Album: Born Sinner (2013)


  • Cole opens his second album Born Sinner with this warning shot, which features dramatic, soaring strings, a live choir and a pop at Trinidad James:

    "My pops was club-hopping back when clubbing.
    Rick James was out and all I get is Trinidad."

    Cole sees all the women dancing and singing along with Trinidad James' song "All Gold Everything", and despite not feeling it himself, he proceeds to quote from the hook. (Ni—a, Ni—a, Ni—a").

    James refused to be drawn into a beef with Cole over the rapper's diss. "He was just expressing himself," he told MTV News. "Just in general if you really step back and listen to the song, he was just spittin' how he felt and I can't never be mad at somebody spittin' how they feel."
  • Dreamville Records President, A&R, manager and Cole's right hand man Ibrahim "IB" Hamad told Vibe magazine how this track got chosen to open Born Sinner: "A lot of times getting the right intro for an album can be the hardest thing. We went through about five different intro ideas we thought would work but when Cole played us 'Villuminati,' the whole room just knew that was the one. It kicked off the album and let you know from the start, its different this time around."
  • The song samples the intro from R. Kelly's remix for "I Wish" along with The Notorious B.I.G.'s 1994 single "Juicy." The latter sample incorporates the album title ("Born sinner, the opposite of a winner").
  • Cole reveals on this track that in his younger days his passion for Tupac had him hating on both Jay-Z and the Notorious B.I.G.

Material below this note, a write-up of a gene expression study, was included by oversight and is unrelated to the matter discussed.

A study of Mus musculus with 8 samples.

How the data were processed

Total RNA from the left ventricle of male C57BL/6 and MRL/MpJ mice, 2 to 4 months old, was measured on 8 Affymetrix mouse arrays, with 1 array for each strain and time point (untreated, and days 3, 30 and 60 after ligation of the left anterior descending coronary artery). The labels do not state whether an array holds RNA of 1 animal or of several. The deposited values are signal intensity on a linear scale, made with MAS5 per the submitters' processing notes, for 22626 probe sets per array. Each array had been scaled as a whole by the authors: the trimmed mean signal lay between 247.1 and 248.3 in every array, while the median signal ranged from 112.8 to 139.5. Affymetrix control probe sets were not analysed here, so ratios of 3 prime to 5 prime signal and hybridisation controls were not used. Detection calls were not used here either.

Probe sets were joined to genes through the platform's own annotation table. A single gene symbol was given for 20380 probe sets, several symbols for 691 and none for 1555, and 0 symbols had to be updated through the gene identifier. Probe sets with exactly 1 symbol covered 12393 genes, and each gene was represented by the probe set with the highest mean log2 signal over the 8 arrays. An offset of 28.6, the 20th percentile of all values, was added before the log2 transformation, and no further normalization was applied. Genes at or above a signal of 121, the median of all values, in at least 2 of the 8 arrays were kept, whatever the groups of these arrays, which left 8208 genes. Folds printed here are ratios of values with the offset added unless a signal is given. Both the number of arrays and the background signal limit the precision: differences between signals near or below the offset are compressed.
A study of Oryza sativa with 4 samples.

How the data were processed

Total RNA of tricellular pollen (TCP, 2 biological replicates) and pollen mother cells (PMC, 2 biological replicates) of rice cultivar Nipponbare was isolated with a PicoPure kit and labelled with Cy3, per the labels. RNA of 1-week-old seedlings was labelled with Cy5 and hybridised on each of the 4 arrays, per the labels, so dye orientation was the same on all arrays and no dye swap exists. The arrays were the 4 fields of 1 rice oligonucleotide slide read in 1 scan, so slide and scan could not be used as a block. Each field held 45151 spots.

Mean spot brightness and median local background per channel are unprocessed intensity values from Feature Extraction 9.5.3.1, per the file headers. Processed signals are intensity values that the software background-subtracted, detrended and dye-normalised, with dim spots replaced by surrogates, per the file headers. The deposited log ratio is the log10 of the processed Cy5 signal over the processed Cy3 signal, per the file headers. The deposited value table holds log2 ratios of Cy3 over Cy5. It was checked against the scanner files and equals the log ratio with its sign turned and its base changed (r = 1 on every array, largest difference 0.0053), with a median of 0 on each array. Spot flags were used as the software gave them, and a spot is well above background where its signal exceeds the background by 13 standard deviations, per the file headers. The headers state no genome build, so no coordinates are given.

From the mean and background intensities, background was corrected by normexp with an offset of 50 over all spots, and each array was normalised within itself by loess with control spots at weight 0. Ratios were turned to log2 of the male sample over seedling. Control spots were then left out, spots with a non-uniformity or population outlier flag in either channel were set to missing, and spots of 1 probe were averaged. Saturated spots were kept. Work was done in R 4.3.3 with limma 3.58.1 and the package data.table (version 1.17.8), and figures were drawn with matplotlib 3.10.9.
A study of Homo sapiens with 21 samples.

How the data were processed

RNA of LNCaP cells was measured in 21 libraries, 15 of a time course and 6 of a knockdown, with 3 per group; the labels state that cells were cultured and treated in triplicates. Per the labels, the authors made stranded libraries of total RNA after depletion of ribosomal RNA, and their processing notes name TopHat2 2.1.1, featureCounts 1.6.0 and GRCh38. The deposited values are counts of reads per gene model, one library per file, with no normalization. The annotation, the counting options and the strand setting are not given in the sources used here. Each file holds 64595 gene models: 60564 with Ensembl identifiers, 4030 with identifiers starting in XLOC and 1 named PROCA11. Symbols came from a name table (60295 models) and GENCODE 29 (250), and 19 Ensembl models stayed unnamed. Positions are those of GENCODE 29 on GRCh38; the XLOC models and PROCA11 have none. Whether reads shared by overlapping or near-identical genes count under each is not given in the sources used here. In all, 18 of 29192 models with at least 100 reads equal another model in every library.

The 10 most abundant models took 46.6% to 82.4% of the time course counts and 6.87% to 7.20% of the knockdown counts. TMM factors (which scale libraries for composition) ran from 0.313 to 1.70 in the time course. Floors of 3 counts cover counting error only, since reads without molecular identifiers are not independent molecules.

"Pac had a n---- saying f--- Jigga, f--- Biggie
    I was only like 11 so forgive me
    A decade later I be all up in the city trying to get Hov to f--- with me."

    "I used to get into arguments in school all the time," Cole explained on MTV's RapFix. "There was this other kid and he was a big [Jay and Biggie] fan and we used to go head to head. Of course I liked 'Juicy,' but the Pac fan in me was just ridin' against whoever he was ridin' against."

    "I'm 11 [at this point] so I'm riding against everybody," he added. "I ain't even know who Jay was, really. I knew just when Makaveli came out and in those interviews Pac was dissing Jay-Z and them, so I'm doing the same thing — like, 'Jay-Z, you wack!' My man Pac said he's wack, so he's wack. 'Cause that's how this thing works, that's how rap works."

    "I brought that up just to show the irony," he continued. "I was a little kid screaming that, and then I was tryna give him my CD. It's funny how things change. It was just interesting to think that I used to be dissing Jay-Z for no reason."